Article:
Councillor takes aim at city’s growing deer population

The amount of deer making their way into the streets and yards of Penticton is both troublesome and potentially dangerous, according to one city councillor.

  • Jul. 21, 2011 10:00 a.m.

The amount of deer making their way into the streets and yards of Penticton is both troublesome and potentially dangerous, according to one city councillor.

Coun. Mike Pearce proposed a notice of motion Monday that the municipality “take immediate and all available remedies available to reduce the population of deer in the city before somebody gets injured in a charge or a car hits one and someone in the car is injured or killed.”

Pearce said he has received a number of emails on the subject in favour of the city taking some sort of action.

“The deer have become a problem here in the City of Penticton,” said Pearce. “One woman, who lives in a mobile home park, said she feels like she lives in a prison with fencing up all around her.”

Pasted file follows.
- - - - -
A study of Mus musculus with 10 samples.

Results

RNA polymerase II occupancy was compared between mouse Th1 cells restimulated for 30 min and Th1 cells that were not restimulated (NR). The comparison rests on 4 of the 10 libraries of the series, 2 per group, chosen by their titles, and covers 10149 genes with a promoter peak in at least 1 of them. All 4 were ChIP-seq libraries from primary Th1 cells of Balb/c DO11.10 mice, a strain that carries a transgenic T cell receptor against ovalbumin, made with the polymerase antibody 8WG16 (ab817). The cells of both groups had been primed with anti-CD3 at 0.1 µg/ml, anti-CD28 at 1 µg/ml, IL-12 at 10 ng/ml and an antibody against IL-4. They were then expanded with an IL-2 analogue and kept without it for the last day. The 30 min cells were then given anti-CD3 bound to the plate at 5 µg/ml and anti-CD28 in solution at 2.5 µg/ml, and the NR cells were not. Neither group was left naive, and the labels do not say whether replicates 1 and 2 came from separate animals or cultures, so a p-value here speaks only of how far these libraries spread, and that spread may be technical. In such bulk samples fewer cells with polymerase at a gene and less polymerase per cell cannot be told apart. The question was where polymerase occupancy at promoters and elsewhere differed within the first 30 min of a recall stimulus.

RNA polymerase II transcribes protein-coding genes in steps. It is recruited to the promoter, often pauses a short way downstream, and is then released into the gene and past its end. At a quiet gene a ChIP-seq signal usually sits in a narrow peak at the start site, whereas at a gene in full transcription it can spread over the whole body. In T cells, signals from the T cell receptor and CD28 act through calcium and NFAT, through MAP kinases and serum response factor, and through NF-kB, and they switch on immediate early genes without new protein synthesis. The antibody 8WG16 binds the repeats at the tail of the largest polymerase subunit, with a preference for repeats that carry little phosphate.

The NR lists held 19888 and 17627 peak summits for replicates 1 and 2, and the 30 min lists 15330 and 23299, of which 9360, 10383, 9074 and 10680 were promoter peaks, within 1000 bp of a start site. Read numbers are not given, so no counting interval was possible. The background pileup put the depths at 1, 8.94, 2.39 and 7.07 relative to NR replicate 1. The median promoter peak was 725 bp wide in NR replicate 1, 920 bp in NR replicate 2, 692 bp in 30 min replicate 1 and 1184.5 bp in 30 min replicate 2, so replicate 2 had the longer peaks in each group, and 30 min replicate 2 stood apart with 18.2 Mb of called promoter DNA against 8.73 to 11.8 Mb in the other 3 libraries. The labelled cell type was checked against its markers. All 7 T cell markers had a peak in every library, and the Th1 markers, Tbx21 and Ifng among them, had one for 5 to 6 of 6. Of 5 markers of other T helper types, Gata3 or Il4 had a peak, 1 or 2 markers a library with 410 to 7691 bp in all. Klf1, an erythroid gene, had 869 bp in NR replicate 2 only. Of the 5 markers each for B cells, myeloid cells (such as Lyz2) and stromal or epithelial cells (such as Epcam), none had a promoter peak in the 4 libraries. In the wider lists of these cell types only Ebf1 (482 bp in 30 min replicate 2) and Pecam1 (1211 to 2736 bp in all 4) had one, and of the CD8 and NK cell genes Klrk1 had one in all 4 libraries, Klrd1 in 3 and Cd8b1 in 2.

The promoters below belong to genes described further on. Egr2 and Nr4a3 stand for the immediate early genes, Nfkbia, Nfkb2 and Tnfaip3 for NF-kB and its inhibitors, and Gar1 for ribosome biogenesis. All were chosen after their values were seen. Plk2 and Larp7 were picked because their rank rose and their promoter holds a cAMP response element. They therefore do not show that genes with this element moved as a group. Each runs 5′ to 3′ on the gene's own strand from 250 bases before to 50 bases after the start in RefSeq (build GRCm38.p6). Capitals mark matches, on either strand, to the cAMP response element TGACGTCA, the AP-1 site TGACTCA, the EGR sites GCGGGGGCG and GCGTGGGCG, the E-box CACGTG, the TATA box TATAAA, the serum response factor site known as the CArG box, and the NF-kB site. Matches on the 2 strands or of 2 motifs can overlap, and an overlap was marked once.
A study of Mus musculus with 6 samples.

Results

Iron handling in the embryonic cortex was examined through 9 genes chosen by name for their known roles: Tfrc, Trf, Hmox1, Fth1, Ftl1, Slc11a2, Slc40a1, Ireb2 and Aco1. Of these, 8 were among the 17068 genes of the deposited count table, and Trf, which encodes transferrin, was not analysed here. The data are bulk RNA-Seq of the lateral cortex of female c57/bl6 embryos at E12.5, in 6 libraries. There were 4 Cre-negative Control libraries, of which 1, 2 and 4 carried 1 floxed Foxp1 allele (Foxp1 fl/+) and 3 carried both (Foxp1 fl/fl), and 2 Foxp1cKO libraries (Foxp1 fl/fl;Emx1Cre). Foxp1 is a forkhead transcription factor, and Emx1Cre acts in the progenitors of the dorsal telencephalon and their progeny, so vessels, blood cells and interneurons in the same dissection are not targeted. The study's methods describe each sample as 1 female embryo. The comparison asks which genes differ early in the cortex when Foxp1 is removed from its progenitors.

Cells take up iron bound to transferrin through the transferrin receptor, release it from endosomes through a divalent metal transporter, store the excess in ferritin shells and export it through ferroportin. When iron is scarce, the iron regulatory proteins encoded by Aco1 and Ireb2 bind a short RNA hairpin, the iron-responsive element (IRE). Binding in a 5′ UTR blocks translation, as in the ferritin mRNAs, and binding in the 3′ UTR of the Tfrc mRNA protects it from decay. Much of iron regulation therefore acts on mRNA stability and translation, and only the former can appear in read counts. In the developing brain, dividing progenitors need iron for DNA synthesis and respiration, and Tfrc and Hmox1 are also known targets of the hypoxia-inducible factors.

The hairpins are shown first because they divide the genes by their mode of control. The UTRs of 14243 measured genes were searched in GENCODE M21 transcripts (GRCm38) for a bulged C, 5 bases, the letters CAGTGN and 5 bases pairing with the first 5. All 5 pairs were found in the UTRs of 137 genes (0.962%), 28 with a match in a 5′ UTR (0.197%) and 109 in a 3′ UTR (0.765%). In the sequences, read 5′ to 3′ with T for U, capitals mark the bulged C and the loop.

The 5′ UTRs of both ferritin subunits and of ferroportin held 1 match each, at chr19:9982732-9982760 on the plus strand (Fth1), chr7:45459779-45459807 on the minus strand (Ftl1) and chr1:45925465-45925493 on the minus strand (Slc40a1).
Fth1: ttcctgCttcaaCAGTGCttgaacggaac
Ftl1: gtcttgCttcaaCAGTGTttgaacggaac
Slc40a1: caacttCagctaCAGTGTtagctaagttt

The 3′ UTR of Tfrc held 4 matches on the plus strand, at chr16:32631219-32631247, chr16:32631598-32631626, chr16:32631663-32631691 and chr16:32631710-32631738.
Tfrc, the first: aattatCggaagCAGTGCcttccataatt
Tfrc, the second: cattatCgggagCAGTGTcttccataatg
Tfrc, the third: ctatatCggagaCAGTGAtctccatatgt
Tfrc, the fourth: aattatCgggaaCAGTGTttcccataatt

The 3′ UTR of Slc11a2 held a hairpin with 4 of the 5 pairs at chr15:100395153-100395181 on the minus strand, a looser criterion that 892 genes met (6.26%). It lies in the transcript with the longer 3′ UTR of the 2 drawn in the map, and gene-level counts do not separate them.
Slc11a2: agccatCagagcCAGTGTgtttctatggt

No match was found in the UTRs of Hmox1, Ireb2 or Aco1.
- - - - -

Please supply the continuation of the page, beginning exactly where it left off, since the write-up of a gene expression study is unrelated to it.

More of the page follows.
And there is still as many as eight deer in the garden at any given time, he said.

The former mayor said the problem seems to be worse this year than in previous ones.

“The orchardist have all fenced off their orchards in the upper benches depriving the deer access so they are coming down here to get food,” he said. “I have four that sleep in my front yard. It’s not every night but they bed down there and they scare the living Jesus out of you.

“They are wild animals no matter what way you look at it.”

Pearce said the motion is a precautionary one.

“I am about being preventative as opposed to waiting to react later,” he said.  ‘When they are on the side of the road, like up on (Highway 97) when you are driving down along Skaha Lake and there are three or four of them, it won’t be long before one of them darts across the road and does a number on somebody who tries to swerve to not hit it.”

Pearce said if the motion is passed, council will have staff look at all options.

“It may not be that the recommendation from staff even comes forward for a cull or to shoot the deer, or anything else,” he said. “Perhaps they come up with a plan where we round them up in a humane fashion and deliver them somewhere else, like the Cariboo. Or another plan of a similar nature.

“I don’t know what is humane or not humane, but there comes a time when you have to decide who is in charge of your community: the animals or the humans.”